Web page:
The National Education Union (NEU), the largest education union in Europe, has announced that its teacher members in England and Wales have overwhelmingly voted for strike action.

The NEU announcement follows the results of a ballot called by another teaching union, the NASUWT. Here, 90% of voting members supported strike action, but the turnout failed to meet the legal thresholds required for members to be able to take action. The National Association of Headteachers has also balloted its members for industrial action. In Scotland, teachers are already on strike.

In common with many other workers, teachers are taking industrial action because current rates of inflation are rapidly eroding the value of their pay. The government announced salary increases of between 5% and 8.9% for teachers in July 2022, but this does not match the current rate of inflation, running at around 10%.

What’s more, current cuts in real terms pay for teachers follow on from multiple years of salary erosion. Analysis by the Institute of Fiscal Studies has found that senior teachers’ salaries have fallen by 13% in real terms since 2010. This is because public sector pay awards have never recovered from the cuts that followed the 2008 economic crisis.

While teachers are set to strike over pay, the decision by teachers to take industrial action also reflects a much wider set of frustrations. The current demands for strike action have been many years in the making.

Working conditions and job satisfaction

The workload faced by teachers is one of these issues. In 2003, the government, employers and several education unions made an agreement to tackle workload issues. They aimed to ensure that teachers could maintain a work-life balance, would have adequate time to plan lessons and fewer administrative duties. In the 20 years since this agreement, though, the problem has worsened.

In 2013, a survey found that lower secondary teachers (teaching children aged between 11 and 14) were working for 48.2 hours a week. In 2018, this had gone up to 49.3 hours a week.

This research, conducted with teachers in 48 countries by the Organisation for Economic Co-operation and Development (OECD), found that in 2018 lower secondary teachers in England worked over eight hours more per week than the average. Across all the participating countries, primary teachers in England worked the second longest hours, with only teachers in Japan working longer.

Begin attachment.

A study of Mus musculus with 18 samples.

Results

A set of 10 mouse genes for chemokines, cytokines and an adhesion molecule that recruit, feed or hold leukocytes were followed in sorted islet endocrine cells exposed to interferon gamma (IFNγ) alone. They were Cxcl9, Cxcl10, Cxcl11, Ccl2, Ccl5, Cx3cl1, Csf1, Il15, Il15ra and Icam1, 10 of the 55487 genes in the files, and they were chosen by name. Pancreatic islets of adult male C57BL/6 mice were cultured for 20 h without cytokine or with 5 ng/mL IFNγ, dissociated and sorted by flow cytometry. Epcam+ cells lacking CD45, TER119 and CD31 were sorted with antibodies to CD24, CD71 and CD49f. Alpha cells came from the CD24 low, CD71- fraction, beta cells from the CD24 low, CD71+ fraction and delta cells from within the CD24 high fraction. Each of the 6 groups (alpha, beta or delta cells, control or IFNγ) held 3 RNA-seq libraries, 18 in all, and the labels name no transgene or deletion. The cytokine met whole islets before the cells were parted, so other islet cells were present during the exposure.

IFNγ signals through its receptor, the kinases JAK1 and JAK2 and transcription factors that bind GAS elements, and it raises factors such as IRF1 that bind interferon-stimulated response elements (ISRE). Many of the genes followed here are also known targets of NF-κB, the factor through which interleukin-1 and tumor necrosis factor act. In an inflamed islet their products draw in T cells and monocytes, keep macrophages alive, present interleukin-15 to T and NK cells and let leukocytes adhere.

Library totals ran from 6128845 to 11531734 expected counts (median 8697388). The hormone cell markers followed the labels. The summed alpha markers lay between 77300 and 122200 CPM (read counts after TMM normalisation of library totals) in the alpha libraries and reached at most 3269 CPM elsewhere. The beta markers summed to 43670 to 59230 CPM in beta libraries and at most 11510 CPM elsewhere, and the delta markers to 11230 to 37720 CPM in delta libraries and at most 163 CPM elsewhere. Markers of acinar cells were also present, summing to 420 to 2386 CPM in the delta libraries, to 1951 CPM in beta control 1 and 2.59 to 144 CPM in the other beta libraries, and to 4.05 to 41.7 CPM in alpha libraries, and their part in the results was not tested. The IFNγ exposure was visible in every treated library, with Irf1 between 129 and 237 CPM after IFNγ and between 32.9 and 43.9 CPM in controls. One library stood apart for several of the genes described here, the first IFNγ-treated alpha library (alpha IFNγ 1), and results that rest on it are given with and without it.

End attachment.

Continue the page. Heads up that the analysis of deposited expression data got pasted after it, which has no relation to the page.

In 2019, the European Commission also reported that teachers in England had the lowest levels of job satisfaction in the European Union.

Teacher looking stressed marking
Teachers in England work for longer hours than in other countries.
Juice Flair/Shutterstock

However, long working hours and declining pay are still only a part of the picture. Research shows that teachers suffer from both high work intensity (the effort expended within working hours) and low task discretion (the freedom to make professional judgements about their own work). Teachers’ experience in these regards has deteriorated considerably over time.

Political significance

Perhaps the real significance of the impending strikes in English schools is their demonstration of the enduring power of the teacher unions – despite government efforts to curtail their influence.

The 1988 Education Reform Act, introduced by Margaret Thatcher’s government, included measures intended to limit the influence of teaching unions. For instance, schools were no longer run financially by local authorities, but instead were established as autonomous business units. This intentionally fragmented the system and made union organising more difficult.

UK strikes: how Margaret Thatcher and other leaders cut trade union powers over centuries

Since then, conflict between the government and the teacher unions has continued. In 2009, the future prime minister David Cameron announced he was prepared for “battles” with the “education establishment” over Conservative Party education reforms. In 2012, The Times reported that education secretary Michael Gove had put the Department of Education on a “war footing” in preparation for a confrontation with teacher unions.

Despite all these efforts to marginalise the unions, the impending industrial action shows that teacher unions still hold considerable power. It is arguably not surprising that teachers are going on strike – only that it has taken this long to get to this point.